MOSS LANDING, Calif. (KION-TV) -- UPDATE 10/1/22 2:17 PM: Monterey County is reporting air quality was "no threat to human health" during and after a fire at the Moss Landing substation on September 20.

The county says sampling was done in multiple locations with the assistance of the United States Environmental Protection Agency and NES Consulting, an environmental health and safety company.

The initial report was there was "no threat to human health or the surrounding environment" and a shelter in place advisory and highway closure was lifted around 6:50 that night.

Air sampling continued after that time with results continuing to show no danger.

"The analytical results indicate that particulate fluoride and hydrogen fluoride air borne concentrations around the perimeter of the BESS site were below the detection limit for the method, and well below the applicable permissible exposure limit for both chemicals," said the county.

Monterey County's Environmental Health team is going to continue looking into ways to mitigate wastewater and soil contamination resulting from the incident by creating a water sampling plan in advance of disposal/discharge of fire water, plus a soil sampling plan in the area of the Megapack fire.

The county said they'll be working with Tesla and PG&E's environmental teams to do so.


It's been over 48 hours since a fire sparked at the Moss Landing powerplant substation, and things appear normal again.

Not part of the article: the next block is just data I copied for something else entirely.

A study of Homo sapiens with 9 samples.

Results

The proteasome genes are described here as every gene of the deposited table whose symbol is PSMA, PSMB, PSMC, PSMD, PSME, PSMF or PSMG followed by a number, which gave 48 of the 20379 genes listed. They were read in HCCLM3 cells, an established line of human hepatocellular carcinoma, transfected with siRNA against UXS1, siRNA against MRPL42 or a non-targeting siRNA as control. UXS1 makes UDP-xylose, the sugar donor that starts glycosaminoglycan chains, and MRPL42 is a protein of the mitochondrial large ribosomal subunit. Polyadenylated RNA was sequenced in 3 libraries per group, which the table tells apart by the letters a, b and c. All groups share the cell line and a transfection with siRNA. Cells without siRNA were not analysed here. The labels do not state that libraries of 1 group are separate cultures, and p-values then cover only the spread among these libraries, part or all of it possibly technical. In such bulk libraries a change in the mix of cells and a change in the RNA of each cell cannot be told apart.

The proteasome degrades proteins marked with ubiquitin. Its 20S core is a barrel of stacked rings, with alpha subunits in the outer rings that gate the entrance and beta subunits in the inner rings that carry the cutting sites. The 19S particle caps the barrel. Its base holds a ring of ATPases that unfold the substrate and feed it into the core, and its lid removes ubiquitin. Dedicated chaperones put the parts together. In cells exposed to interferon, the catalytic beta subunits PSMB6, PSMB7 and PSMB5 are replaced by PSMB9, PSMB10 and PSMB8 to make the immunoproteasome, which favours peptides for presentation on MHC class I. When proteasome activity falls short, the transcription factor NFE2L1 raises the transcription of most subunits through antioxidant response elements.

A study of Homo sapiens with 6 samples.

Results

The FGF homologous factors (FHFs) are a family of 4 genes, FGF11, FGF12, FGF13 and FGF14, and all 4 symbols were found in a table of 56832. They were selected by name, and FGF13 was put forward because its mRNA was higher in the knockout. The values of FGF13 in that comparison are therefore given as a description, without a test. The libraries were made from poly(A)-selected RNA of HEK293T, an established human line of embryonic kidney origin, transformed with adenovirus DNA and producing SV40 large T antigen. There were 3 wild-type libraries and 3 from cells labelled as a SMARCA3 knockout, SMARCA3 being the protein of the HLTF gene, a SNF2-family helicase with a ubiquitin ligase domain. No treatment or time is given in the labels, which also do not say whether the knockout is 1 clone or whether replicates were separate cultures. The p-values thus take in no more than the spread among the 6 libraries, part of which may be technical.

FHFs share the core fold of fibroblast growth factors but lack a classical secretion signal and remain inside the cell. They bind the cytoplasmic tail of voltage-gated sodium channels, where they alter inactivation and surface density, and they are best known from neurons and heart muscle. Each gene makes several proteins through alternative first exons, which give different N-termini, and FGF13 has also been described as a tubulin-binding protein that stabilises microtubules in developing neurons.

Read more: Highway 1 opened after Tesla-powered PG&E substation fire

The harbor is seeing cars in the parking lot again, and whale watchers can enjoy the pastime without concerns for their health. Highway One is back to being a busy commute.

However, some residents close by here do miss that sweet, sweet quiet when the shelter in place was in effect.

The big question on everyone's mind, though, is what was in the smoke that caused the shelter in place?

The fire was never a concern for the well-trained firefighters who responded.

North County Fire Captain John Hasslinger explained, “With our training when a battery gets involved, we are directed to not actively extinguish that fire. We’re gonna let that battery burn and protect the exposures around it.”

Air tests that were done don’t seem to conflict with the training either.

According to a statement from Air Pollution Control Officer Richard Stedman: “Currently, there are no air quality concerns from Tuesday's incident in Moss Landing. The first responders who responded to the scene did a good job of preventing the fire from spreading.”

We did reach out to PG&E and Tesla again to see if there is any more information about what happened Tuesday. We’re still waiting for a response.


Karl Cooke is a Multimedia Journalist for KION News Channel 46


Victor Guzman is the Assistant News Director at KION News Channel 5/46.